The 10th annual Accenture Holiday Shopping Survey reveals that consumers will shop at multiple retailers to find the best price The vast majority check Amazon.com before looking or buying elsewhere.
Amazon is the Google of online shopping. It is surprising that we did not start to say "amazoning" instead of "shopping" yet. The just released Accenture Holiday Shopping Survey(*) reveals that 84% of shoppers this year said they check Amazon.com before looking or buying elsewhere. Amazon has the first chance to make the sale in a vast majority of online transactions.
The Accenture Holiday Shopping Survey also found that 42 percent of consumers this year said they rarely or never expect to pay full price for an item during the holiday season.
In addition, two-thirds (67 percent) said they will purchase items from different stores or websites to get the lowest price, and nearly three-quarters (72 percent) said they would be enticed by promotions or coupons to shop at a store they have not used in the last year.
“The good news is that U.S. consumers plan to spend more and are increasingly willing to share personal information to receive offers – but they remain focused on frugal bargain hunting,” said Jill Standish, senior managing director of Retail at Accenture. “The clear opportunity for retailers is to learn all they can about their customers and use these insights to provide the personalized and timely deals consumers are seeking. By optimizing inventory and marketing, they can increase the profitability of each customer visit to their store or website and maximize each click.”
Approximately two-thirds (65 percent) of survey respondents plan to shop on Black Friday 2016 and 36 percent of shoppers believe the best deals will be available on that day. A slightly smaller percentage (47 percent) of shoppers are likely to shop on Thanksgiving Day/night but 72 percent plan to do so online (versus 60 percent in 2015).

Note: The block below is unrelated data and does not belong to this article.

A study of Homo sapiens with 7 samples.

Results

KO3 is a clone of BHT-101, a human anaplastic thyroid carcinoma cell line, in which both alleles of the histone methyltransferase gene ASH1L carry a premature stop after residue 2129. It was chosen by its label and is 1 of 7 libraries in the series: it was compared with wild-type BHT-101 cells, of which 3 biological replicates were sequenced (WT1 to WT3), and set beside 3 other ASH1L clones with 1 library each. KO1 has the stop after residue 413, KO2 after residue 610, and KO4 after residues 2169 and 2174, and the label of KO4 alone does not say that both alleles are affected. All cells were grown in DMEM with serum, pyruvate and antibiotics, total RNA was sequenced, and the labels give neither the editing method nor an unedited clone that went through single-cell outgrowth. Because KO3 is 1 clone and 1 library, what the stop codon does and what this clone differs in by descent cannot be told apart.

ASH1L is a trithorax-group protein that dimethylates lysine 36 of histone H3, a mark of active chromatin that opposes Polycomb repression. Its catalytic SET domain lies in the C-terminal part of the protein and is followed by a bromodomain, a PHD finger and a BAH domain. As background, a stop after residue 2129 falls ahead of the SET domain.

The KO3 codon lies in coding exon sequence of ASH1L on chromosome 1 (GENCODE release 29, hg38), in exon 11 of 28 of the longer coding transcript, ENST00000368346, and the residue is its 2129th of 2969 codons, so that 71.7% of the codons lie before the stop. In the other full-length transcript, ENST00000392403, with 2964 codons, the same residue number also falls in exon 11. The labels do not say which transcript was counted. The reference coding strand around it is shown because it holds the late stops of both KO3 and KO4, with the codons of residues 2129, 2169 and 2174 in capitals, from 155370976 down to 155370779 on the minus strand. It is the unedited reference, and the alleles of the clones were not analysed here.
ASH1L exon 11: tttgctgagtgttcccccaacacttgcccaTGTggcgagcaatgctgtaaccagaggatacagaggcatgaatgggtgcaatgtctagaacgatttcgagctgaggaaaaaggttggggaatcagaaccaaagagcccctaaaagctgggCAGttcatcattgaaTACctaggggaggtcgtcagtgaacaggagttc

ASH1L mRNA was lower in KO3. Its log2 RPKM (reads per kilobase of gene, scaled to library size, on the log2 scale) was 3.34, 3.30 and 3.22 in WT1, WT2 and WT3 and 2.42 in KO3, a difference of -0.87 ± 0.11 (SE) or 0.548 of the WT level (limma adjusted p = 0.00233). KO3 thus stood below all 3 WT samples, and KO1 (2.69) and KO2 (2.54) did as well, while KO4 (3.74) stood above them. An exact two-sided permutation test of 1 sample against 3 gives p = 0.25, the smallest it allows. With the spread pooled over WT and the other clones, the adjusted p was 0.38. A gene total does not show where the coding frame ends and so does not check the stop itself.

The trend of keeping stores closed on Thanksgiving Day is according to this survey not what consumers want. Only 25 percent of shoppers believe that Thanksgiving should be spent with family versus holiday shopping. This percentage was even lower for 18-24 year olds (just 17 percent).
The number of people who said they plan to shop on Cyber Monday increased 11 percent this year, to 57 percent.
“We live in a world where consumer behavior and expectations are changing daily, requiring retailers to be truly insight driven,” Standish said. “The reality of the always-connected consumer is evidenced by the fact that Thanksgiving, traditionally considered family time, is now increasingly regarded as another opportunity to bargain-hunt. With the majority of shoppers planning to do Thanksgiving Day shopping online, retailers may want to review online and offline strategies to engage consumers and drive sales.”
Read more Black Friday 2016 news.
*For this year’s survey, Accenture queried a representative sample of 1,500 U.S. consumers online in September 2016.